EPA announces final rule to improve drinking water quality awareness

On May 15, the U.S. Environmental Protection Agency (EPA) announced a final rule to make annual drinking water quality reports more understandable and accessible to the public. The agency said the reports are an important tool that drinking water systems use to inform residents about water quality and any contaminants that have been found in the water.

Starting in 2027, this final rule will ensure that these reports are easier to read and support access to translations in appropriate languages while enhancing information about lead in drinking water. EPA said it is also taking steps to streamline the delivery of reports by encouraging electronic methods.

“EPA is taking [this action] to help ensure that the American public has improved access to information about the drinking water in their communities by strengthening requirements for annual drinking water quality reports,” said acting Assistant Administrator for EPA’s Office of Water Bruno Pigott. “[This] announcement will ensure these reports are easier to understand, and easier to access in additional languages to provide all people with the information they want and need about their water.”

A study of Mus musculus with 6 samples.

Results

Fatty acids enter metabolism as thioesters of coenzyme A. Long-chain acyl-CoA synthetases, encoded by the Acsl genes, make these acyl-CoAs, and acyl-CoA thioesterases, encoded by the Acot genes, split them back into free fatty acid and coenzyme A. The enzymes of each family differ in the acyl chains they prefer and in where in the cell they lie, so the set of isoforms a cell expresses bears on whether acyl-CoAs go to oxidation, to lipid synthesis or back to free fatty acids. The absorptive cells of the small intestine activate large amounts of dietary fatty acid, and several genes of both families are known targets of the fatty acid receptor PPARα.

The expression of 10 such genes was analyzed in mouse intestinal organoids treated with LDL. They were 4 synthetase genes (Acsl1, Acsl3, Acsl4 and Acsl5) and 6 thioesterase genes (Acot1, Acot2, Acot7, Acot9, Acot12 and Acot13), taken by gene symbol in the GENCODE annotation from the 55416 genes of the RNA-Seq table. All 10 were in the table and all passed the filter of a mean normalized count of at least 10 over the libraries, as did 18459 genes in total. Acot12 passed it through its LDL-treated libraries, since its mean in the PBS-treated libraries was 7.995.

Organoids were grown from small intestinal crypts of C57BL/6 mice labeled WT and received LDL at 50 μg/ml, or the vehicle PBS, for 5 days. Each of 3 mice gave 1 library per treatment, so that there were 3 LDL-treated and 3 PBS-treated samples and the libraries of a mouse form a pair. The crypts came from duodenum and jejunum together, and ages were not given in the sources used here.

The final rule will support public education by more clearly communicating important information in water quality reports and improving access to the reports. Water systems are currently required to provide annual drinking water reports to customers each year, and with this rule systems serving over 10,000 customers will be required to distribute reports twice per year.

The final rule also introduces a new reporting requirement that will provide EPA with better information to make decisions on oversight, enforcement, regulatory revisions, and training and technical assistance. This final rule will require states to submit compliance monitoring data they already receive from public water systems to EPA annually. 

Learn more about EPA’s Revised Consumer Report Rule, including upcoming webinars and fact sheet that provides more detail on the new requirements.

Background

A Consumer Confidence Report, sometimes called a “Drinking Water Quality Report,” summarizes information about local drinking water. As part of the America’s Water Infrastructure Act of 2018, Congress instructed EPA to revise the Consumer Confidence Report Rule. EPA said this final rule will support the goal of the Safe Drinking Water Act “right-to-know” provisions by improving the Consumer Confidence Reports so that people can make better decisions about their drinking water. The agency said this final rule will work to further that goal by making sure important information in annual reports are accurate and accessible.